Hugh Byrne is an NHS hospital consultant in London.

The NHS Action party are not just a one-trick pony. Fielding 13 candidates in the general election, they have policies that encompass issues from the economy to immigration, Europe and housing. Examples include re-nationalising the buses and railways, and they warn that the rich will eventually “live in gated communities with private security forces”. They also state categorically that “MP’s are given jobs in the private sector after leaving office”, which makes one wonder if would they rather that they be ‘given’ jobs by the public sector instead.

Dr Clive Peedell, their co-leader, is standing against the Prime Minister in Witney, and the other co-founder is Dr Richard Taylor, the former Wyre Forest independent MP. Both Dr Peedell and another of their candidates, Dr Louise Irvine, are council members of the doctor’s union, the BMA. Dr Peedell is also chair of what used to be called the NHS Consultants’ Association, which is now called ‘Doctors for the NHS’, and believes that the NHS is being “dismantled” in some way.

This misinformed opinion is a common theme for the NHS Action party and other groups such The People’s NHS – an organisation which believes, in the face of much evidence to the contrary, that the NHS is at risk of sale to foreign investors via the TTIP agreement. Even Liberal Democrat candidates such as Luke Taylor have debunked the NHS-TTIP myth.

The People’s NHS describe themselves as a community campaign to stop NHS privatisation, and their short promotional film is ridiculously bad: it shows a worried lady on a British hospital trolley who has an intravenous tube running from her arm, and the camera follows the blood-filled tubing out of the room, into a toilet bowl, down into the sewer, out into the sea, and up onto a tropical beach where her blood drips slowly into the cocktail glass of a waiting foreign business man. It has to be seen to be believed, but please don’t boost their YouTube hits. These groups are also using very similar logos to that of the NHS (Frutiger font in Panetone 300 blue to be precise), which is subject to Crown copyright.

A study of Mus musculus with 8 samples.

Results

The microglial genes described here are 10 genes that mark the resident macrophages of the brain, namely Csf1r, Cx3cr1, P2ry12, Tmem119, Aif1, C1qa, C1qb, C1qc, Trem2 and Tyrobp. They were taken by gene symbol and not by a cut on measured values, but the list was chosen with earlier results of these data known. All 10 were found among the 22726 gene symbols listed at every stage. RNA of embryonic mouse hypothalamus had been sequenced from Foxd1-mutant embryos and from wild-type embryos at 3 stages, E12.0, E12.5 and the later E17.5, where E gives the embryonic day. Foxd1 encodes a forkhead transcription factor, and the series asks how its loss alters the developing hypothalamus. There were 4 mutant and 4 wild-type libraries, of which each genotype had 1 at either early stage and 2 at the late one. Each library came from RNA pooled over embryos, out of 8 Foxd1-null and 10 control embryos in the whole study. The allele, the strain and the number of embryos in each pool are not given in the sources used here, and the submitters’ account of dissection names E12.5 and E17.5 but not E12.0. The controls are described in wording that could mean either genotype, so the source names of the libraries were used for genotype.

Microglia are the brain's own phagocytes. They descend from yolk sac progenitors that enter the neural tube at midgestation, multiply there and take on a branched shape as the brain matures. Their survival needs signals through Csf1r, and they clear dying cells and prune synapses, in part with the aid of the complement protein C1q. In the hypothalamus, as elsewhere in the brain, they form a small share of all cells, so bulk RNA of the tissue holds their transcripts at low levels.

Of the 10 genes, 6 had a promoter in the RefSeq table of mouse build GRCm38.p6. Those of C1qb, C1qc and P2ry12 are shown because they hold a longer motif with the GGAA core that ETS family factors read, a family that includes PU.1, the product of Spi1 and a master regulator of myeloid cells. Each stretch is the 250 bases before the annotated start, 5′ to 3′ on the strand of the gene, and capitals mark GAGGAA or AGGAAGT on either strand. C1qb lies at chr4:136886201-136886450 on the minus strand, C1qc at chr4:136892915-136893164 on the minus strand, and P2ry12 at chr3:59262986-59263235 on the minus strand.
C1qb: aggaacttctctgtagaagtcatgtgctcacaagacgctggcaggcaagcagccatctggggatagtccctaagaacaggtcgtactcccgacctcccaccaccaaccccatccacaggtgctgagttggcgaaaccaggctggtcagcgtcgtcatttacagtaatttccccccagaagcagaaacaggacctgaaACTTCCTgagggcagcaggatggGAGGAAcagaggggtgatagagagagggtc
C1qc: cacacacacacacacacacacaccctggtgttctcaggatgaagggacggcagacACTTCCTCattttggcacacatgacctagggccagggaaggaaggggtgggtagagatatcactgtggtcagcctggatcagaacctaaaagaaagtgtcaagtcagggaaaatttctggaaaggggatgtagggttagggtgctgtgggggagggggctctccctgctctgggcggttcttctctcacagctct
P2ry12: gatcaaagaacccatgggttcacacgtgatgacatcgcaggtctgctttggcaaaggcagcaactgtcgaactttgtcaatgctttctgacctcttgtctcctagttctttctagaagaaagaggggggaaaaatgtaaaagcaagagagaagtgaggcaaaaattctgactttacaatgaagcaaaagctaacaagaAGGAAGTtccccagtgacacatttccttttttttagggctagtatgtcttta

Dr Peedell believes that we should never give tax relief on private health insurance, which defies logic – since if those people who choose to spend their income on health insurance thereby relieve the state of some of its burden, then this means that there is more money left over to spend on the health of those who can’t afford to. Would his party prefer to dilute the service even more?

His publicity stunts have included running the 160 miles from Anuerin Bevan’s statue in Cardiff to the Department of Health in Whitehall, and running from there to Witney, where he travels the constituency by bike and ambulance. He has recently complained that he was excluded from the local Witney Churches’ Hustings, going as far as tweeting the Archbishop of Canterbury himself to ask why (although he may have forgotten that one of his earlier stunts was to bury a mock coffin depicting the NHS on the Church Green).

Not only do such groups try to frighten the public, they may actually undermine confidence in the NHS itself. Even the left-leaning healthcare think tank, the King’s Fund, disagrees with claims of cuts to either staff levels or funding over the course of the coalition. What parties like NHS Action fail to recognise is that no government of any persuasion has ever purposefully cut NHS funding. What has happened over the years is that technologies and treatments have rapidly increased in success and costs, people are living longer, and funding must be applied more efficiently.

We only expect an NHS hospital to run at a surplus (we say surplus rather than profit in healthcare) of two per cent in order to keep ticking over into the next year, and the delusion on the Left is that conservative business people are eyeing this greedily. Simon Stevens, the NHS’s Chief Executive Officer, published a five year plan in October which states that more efficient use of resources, combined with the increases in health spending that we have promised, will help to close the £30 billion funding gap that is forecast by 2020/21.

Allowing more autonomy for hospitals to increase their revenues outside state funding may be anathema to these groups, but they should look at what have become known as beacon or exemplar services within the NHS – such as the Royal Marsden Cancer Hospital, which generates revenue from private beds which can be then be fed back into the organisation.

Old-fashioned purists such as NHS Action need to climb off the fence on the moral high ground and admit that, despite their party’s name, they are to the left of Labour as far as health policy is concerned. Their desire to protect the unworkable status quo of the health service is at variance with the views of respected healthcare economists such as Richard Bohmer or Clayton Christensen. They are not single issue pro-NHS campaigners, they are simply anti-Tory – and would get a rude awakening under a labour government.

In 2010, the Prime Minister was opposed in Witney by – among others – Count Nikolai Tolstoy, Howling Laud Hope and Aaron Barshak at the ballot. This time around the opposition is less exotic, but just as futile.